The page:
Two Minnesota Democrats have introduced legislation to legalize adult cannabis use in the state, according to a WCCO report. Rep. Jon Applebaum, sponsor of one of the measures, said that to millennials legalizing cannabis is not controversial and the industry would help drive a “Made in Minnesota” economy.
Applebaum’s proposal would permit adults 21 and older to buy, use, and possess up to one ounce of cannabis; regulating cultivation, harvesting, and retail sales. It would take effect in 2019.
“Eventually this is going to happen. And it would be in Minnesota’s best interest if we start talking about it now,” he said in the report. “I envision an economy being created where cannabis products are grown by Minnesota farmers, transported by Minnesota carriers, and sold by Minnesota small businesses.”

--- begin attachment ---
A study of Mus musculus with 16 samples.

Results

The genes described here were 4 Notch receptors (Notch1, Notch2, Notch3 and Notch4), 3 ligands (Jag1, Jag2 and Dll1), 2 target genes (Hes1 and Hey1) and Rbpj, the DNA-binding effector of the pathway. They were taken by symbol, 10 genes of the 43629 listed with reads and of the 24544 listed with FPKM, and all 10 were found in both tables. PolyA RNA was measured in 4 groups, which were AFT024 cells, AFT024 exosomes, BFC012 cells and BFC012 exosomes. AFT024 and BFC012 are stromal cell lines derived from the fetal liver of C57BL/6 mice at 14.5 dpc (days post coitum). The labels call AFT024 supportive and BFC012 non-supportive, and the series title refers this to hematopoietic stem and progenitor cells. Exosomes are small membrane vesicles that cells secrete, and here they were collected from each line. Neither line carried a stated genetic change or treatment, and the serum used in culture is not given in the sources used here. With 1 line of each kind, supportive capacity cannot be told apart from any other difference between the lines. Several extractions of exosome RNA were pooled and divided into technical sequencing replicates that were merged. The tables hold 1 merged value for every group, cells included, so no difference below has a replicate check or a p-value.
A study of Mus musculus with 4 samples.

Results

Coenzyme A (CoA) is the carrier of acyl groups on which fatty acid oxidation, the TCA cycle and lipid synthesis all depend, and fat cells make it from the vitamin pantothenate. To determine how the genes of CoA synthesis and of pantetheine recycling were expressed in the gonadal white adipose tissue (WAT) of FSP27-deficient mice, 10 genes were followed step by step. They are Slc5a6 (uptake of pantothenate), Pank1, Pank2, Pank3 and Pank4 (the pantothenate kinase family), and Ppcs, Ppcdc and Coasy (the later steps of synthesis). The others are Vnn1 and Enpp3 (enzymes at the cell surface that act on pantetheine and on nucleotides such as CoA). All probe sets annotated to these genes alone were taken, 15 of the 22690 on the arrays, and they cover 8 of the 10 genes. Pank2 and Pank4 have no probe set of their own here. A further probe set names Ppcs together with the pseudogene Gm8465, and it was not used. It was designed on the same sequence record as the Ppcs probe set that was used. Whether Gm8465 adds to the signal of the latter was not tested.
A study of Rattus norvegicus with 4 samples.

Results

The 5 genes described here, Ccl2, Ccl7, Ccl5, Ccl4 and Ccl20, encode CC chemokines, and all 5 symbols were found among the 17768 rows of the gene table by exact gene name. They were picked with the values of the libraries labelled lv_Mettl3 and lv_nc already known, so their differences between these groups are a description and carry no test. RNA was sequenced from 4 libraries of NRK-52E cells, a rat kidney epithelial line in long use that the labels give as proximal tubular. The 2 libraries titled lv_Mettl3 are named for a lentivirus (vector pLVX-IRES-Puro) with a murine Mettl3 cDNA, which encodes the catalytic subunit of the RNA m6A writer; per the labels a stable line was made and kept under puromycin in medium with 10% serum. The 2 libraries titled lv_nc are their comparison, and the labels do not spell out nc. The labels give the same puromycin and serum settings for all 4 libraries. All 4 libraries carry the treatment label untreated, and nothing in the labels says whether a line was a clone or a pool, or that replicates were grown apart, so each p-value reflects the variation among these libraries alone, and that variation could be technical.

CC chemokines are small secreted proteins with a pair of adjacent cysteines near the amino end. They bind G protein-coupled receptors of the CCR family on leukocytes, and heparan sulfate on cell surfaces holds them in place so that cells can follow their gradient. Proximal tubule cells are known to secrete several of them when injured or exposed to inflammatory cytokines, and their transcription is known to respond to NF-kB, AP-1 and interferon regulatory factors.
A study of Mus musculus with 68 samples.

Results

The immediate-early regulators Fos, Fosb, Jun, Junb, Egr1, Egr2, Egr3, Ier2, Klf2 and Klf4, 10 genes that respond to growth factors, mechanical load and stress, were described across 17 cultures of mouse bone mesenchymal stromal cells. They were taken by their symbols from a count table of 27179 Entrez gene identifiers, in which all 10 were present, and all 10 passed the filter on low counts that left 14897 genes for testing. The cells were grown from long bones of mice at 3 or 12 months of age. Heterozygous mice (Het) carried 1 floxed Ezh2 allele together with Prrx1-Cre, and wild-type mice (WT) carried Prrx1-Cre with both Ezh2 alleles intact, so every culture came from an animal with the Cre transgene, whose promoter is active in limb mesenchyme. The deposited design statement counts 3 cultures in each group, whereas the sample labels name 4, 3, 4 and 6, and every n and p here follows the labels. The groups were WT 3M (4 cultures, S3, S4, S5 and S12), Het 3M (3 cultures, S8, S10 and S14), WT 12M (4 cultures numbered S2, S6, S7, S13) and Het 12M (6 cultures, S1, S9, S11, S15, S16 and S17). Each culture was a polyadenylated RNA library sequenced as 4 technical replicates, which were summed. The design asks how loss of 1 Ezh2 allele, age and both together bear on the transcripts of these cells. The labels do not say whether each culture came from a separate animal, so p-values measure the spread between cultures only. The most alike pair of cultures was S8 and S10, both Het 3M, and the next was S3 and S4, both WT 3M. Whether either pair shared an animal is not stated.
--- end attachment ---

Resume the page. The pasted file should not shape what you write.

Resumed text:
The second bill, sponsored by Rep. Tina Liebling, would legalize the industry via a constitutional amendment.
Under current Minnesota law, patients suffering from several debilitating health conditions are allowed to use medical cannabis, however the program does not permit for full plant use. In December, the state Department of Health added post-traumatic stress disorder to the qualifying condition list.
However, due to the limited nature of the program, medical cannabis operators in the state lost more than $5 million in 2015, and the Office of Medical Cannabis has requested more than $500,000 in additional funding over the next two years to cover the costs of the patient database and manufacturer inspections.